By Daniel Radford
Many people I’ve spoken with lately have been understandably peeved (pissed may be a more apt description) at the government’s “theft” of their wages. However, for all the anger with which I deeply empathize, I have yet to meet a conservative — or liberal — who can explain to me why the government takes our money beyond a “we need it” or “they say we need it” dogma.
I for one, want to know why we need welfare at all.
Why do we have people, many of whom are working, who cannot afford to survive on their own? The conservative argument tends to go something like, “We could afford charity if we weren’t taxed by the government,” which is maybe 1% true.
I think we would be able to afford charity and take care of our poor — working or not — if the working class had rights to the product of its labor.
As a worker in a capitalist economy, your labor is priceless to your employer. Despite being paid a meager $12 per hour as a starting wage at Walmart, without you to do the work of selling, stocking and preparing the products for sale, the corporation would not make any profit. To the bosses, we are worth far more than we are paid.
As a worker, we can choose to be concerned with the 7% or so that the government takes from our checks — which really seems to be more the worry of the ownership class — or we can recognize that, despite the government taking 7% of what we are paid, in many cases we are actually paid less than 10% of the product of our labor.
This is the logic behind the campaign by FairWageID.org to #RaisetheWageID to $12 per hour, which will lift many workers out of poverty. A higher minimum wage lets the bosses take less of the wealth we produce, thereby allowing for a more just distribution of profits.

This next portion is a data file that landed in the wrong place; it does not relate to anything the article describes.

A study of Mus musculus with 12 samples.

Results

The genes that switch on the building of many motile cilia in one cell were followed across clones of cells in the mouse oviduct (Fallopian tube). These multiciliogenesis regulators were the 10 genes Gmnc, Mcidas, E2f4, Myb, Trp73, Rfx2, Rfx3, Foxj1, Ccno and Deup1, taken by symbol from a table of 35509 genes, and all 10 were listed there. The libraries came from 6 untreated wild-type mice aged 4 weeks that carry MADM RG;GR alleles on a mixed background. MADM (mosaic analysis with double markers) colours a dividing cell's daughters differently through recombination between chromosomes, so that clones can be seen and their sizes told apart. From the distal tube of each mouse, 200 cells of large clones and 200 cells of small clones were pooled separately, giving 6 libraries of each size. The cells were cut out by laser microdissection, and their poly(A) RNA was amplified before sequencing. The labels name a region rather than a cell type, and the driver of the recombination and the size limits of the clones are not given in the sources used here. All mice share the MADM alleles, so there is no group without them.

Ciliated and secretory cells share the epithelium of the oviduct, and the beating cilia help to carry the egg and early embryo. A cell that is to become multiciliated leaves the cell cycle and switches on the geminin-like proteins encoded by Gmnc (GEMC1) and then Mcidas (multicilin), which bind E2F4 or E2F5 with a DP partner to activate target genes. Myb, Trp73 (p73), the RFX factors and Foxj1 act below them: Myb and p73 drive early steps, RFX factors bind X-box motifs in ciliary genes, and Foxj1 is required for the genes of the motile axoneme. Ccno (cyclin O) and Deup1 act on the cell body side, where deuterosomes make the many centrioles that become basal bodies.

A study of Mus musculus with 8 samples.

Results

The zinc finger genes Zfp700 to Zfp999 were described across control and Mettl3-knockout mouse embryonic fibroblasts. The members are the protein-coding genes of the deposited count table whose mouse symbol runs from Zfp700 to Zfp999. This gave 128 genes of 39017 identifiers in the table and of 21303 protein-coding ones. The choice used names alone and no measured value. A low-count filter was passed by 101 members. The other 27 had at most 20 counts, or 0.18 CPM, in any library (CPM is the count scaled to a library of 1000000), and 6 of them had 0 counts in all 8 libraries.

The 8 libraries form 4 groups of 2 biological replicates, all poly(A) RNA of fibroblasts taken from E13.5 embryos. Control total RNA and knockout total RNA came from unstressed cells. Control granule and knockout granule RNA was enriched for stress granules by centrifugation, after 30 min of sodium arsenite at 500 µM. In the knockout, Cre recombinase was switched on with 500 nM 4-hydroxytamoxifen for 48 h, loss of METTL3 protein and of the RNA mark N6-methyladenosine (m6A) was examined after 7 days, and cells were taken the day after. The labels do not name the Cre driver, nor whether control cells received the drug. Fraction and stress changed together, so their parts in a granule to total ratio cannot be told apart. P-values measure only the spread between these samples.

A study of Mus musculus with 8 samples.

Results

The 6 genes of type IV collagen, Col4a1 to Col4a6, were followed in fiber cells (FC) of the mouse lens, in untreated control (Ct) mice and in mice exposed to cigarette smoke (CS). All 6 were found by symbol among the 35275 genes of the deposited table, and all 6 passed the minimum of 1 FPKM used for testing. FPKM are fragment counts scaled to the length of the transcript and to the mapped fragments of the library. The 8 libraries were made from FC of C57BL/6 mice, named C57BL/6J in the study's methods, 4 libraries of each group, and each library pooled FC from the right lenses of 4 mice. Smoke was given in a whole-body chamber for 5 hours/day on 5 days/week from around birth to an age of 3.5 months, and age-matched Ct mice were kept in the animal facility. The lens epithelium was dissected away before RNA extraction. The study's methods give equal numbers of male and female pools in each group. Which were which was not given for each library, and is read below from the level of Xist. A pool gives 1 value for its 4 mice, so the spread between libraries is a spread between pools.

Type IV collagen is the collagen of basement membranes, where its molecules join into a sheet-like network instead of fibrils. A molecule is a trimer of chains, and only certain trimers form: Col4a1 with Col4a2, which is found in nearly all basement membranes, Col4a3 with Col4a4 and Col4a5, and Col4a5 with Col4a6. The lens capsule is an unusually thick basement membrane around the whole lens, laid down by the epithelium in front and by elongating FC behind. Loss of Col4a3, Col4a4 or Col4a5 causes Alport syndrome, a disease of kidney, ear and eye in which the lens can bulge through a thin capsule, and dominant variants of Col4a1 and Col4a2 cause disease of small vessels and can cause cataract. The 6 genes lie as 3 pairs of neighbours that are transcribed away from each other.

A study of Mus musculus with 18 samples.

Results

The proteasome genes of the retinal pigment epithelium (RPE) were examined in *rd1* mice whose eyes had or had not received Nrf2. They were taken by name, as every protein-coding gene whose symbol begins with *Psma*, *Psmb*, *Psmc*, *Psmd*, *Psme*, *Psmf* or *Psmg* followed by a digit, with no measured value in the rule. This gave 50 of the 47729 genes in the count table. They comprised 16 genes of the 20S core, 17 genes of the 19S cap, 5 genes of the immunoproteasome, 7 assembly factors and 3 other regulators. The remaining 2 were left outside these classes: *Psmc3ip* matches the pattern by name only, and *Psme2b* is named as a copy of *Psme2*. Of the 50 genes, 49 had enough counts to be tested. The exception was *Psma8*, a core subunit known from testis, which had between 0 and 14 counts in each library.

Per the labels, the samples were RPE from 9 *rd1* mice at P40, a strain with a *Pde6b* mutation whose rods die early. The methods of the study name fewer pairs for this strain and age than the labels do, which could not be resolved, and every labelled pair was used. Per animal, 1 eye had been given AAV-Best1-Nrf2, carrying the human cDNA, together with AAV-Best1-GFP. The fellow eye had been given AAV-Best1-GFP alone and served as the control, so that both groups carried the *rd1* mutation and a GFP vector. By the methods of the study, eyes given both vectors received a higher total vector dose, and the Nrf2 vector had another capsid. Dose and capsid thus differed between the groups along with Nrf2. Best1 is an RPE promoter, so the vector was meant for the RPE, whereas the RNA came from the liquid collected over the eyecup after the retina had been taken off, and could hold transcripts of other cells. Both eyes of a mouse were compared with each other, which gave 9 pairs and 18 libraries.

This logic is also behind the Democratic Socialist call for “the right of first refusal,” which would allow the workers of a failed capitalist enterprise — or an unpatriotic company moving their jobs to Mexico or China — the first opportunity to buy the assets from the company that is shuttering their workplace.
Using this right, if workers voted with a simple majority to buy the assets of a defunct or company outsourcing its jobs to another country, they would receive a loan from the United States government to run the enterprise as a worker-owned cooperative in which laborers democratically elect, hire, and fire the bosses.
Labor would qualitatively change and automation would mean more vacations, not more layoffs.
Imagine if such a right had been recognized and policy had existed since 1980. Had this been practiced since 1980, rather than terrible “trickle down”, the Rust Belt may have survived NAFTA and the fall of unionization — and still be called the Industrial Belt.
Such a policy is feasible for Idaho on a state level. We may wish to look to the Preston Model in the UK, which under the leadership of the Labour Party has implemented similar policies locally.
If you want to learn more about these ideas, go to DemocracyatWork.info, and join North Idaho Democratic Socialists online @NorthIdahoDSA on Facebook, Instagram and Twitter.
Daniel Radford is the founder of North Idaho Democratic Socialists of America.